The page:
Every carrier or employer of CDL drivers will have to go through multiple steps in order to be compliant with FMCSA’s Drug & Alcohol Clearinghouse. Recent DriverReach blogs have discussed how to register for the Clearinghouse as well as the different query plans available. Once you’re set up and ready to use the Clearinghouse, however, doesn’t mean that your team is off the hook. One Clearinghouse regulation (382.601(b)(12)) also requires all carriers to update their DOT misuse of alcohol and controlled substances policy.

During a recent webinar, Dave Osiecki and Sean Garney, President and Vice President of Scopelitis Transportation, walked through how carriers should tackle updating this policy as well as a few other internal policies that might need to be addressed or updated in this new Clearinghouse-focused world of CDL recruiting.

Here is a list of requirements that must be added to your drug and alcohol testing policy:

  • Verified positive, adulterated or submitted drug test results
  • An alcohol confirmation tested of >/= .04
  • A refusal to submit any required test
  • An employer’s report of actual knowledge
  • On duty alcohol use
  • Pre-duty alcohol use
  • Alcohol use following an accident
  • Controlled substance use
  • SAPs report of successful completion of RTD process
  • A negative return-to-duty test
  • Employer’s report of completion of follow-up testing

A best practice for safety departments is to go to the Clearinghouse page for 382.601(b)(12) and copy these outlined regulations to your updated drug & alcohol testing policy page. Another page your team will have to think about is the limited query consent form, which must be signed by all new and current drivers before you can perform the mandatory annual review.

Here are three questions to ask about the limited query consent form:

  1. How long is this valid for? A good baseline is to make these consent forms valid the entirety of a driver’s employment.
  2. How many queries does this form cover? A best practice is to keep this language broad enough that it would cover as many limited queries as possible.
  3. Should we require a physical signature or electronic signature? This is up to you but, like your driver application, an electronic signature is easier for drivers and facilitates a smoother consent process.

One part of the Clearinghouse policy process that recruiters will have particular responsibility over is record availability and retention. Regardless of how your team stores consent forms, queries themselves, and the results of these queries, the record responsibility will fall to the carrier. All driver records will remain in the Clearinghouse until RTD is complete and five years have passed since the violation (382.719(a)). Employers must also retain a record of each query and the results received on these queries until January 6, 2023, as well as records of all drug and alcohol violations for a minimum of five years. Signed limited query consent forms from drivers must be kept for three years (382.703(a)). Simply put – organization during this stage will be critical.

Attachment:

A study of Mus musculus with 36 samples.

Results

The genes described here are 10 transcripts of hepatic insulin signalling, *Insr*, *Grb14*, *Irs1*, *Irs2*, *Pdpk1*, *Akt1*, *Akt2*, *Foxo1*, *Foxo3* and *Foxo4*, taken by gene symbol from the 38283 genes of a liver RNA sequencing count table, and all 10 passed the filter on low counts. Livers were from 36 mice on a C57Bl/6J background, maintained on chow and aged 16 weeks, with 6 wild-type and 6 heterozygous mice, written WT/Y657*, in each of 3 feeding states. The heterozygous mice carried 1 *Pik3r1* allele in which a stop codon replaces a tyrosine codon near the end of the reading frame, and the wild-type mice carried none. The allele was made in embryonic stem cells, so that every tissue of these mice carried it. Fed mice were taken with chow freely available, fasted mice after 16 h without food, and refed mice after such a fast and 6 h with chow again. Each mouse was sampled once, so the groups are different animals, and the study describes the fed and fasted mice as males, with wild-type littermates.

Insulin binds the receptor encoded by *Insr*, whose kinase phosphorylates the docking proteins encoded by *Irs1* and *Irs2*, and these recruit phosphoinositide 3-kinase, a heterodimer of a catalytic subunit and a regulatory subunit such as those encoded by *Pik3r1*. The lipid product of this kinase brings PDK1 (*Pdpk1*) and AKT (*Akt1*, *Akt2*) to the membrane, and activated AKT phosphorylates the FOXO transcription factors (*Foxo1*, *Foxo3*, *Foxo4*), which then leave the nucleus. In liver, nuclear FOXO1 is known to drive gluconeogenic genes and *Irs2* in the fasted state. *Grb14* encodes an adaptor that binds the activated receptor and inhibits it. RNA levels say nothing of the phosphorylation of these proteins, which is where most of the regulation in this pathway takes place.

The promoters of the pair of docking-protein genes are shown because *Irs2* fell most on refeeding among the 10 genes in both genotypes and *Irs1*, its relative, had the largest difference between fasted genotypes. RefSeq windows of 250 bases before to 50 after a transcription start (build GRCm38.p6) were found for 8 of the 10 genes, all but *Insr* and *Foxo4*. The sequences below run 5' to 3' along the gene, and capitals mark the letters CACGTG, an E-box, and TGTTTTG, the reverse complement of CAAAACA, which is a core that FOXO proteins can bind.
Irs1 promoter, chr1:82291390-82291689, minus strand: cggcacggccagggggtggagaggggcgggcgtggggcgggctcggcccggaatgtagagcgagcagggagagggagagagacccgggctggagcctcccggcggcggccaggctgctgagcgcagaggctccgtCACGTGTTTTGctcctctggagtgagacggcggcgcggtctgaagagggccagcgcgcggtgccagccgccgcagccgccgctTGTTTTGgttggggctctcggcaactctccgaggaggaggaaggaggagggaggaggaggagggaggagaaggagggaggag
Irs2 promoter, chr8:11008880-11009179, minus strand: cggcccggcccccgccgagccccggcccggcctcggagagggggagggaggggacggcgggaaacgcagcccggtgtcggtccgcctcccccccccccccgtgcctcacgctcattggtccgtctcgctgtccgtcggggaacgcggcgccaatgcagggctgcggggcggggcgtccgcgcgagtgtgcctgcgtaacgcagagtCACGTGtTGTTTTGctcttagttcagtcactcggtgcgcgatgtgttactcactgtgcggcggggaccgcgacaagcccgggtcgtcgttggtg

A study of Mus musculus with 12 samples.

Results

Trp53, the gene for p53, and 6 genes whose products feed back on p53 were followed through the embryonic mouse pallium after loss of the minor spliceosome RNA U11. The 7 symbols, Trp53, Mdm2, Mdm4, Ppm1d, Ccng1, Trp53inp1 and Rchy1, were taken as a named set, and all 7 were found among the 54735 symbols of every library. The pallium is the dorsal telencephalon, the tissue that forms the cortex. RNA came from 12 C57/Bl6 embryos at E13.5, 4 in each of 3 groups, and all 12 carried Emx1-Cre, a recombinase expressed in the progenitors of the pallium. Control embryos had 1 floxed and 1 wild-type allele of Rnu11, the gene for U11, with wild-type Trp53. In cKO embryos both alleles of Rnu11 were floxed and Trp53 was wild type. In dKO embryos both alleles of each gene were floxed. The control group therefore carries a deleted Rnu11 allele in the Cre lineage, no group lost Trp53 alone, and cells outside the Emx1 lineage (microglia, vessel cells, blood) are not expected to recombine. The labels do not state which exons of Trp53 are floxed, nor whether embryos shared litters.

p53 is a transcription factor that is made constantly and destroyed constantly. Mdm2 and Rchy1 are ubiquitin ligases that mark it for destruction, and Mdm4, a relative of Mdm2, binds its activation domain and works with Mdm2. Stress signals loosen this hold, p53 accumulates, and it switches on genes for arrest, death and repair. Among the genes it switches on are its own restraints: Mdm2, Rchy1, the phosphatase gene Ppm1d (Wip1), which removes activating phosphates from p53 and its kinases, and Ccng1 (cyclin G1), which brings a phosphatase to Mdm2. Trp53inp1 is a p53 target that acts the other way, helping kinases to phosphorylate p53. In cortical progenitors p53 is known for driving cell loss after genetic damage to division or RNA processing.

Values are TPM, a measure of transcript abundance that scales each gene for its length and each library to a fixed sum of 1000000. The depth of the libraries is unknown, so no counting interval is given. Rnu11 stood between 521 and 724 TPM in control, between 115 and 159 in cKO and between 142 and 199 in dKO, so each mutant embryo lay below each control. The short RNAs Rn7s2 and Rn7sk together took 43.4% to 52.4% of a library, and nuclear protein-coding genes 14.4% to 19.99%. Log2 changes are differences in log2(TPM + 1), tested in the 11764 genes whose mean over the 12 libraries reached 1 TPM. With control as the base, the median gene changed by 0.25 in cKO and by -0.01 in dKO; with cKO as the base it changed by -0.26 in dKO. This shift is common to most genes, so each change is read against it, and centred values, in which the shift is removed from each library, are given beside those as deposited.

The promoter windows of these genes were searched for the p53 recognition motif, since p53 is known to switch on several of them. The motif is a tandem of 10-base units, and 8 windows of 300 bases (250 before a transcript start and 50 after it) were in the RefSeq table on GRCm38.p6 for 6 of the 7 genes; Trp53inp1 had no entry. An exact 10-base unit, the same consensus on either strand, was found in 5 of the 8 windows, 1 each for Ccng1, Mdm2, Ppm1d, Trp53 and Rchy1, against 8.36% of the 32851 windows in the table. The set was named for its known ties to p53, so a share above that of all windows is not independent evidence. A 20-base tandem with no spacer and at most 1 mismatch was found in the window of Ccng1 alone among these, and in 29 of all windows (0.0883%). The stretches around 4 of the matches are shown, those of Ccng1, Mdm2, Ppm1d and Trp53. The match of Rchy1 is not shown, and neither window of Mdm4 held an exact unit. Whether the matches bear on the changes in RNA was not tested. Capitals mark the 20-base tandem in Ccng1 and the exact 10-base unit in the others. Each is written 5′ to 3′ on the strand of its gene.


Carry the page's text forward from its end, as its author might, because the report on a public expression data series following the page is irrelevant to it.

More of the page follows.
Here are a few other policy considerations that all carriers and CDL driver recruiters must consider over the next few months as both your internal team and your drivers settle in to using the Clearinghouse:

  • The driver hiring process: verifying a driver is registered and ready to consent during your hiring process.  Your team must be able to provide information on where and how to register, as well as at what point during the hiring process you are going to run pre-employment full queries.
  • Driver query consent: are you going to ask all of your current drivers to give query consent at the same time or will you phase it out? You can phase this out, but you should plan to have a process in place early on.
  • Updated driver consent forms: in order to keep track of these driver consent forms, will you add this new form to your existing file of consent forms for each driver? Additionally, carriers must decide how long these consent forms are good for and how many queries they allow for on an annual basis.
  • Actual knowledge and refusal policies: your team must be educated and trained on how to use the Clearinghouse and how to handle documentation and information.
  • A driver’s right to appeal: drivers have the right to appeal certain information that goes into the Clearinghouse, so drivers need to be informed of this right and your team must know how to handle these appeals when they happen.

Still have questions about the Clearinghouse? You can listen to our in-depth on-demand webinar, The Time to Prepare is Now! Your Recruiting and Compliance Action Plan for the Drug & Alcohol Clearinghouse, co-hosted by Dave Osiecki and Sean Garney of Scopelitis Transportation here.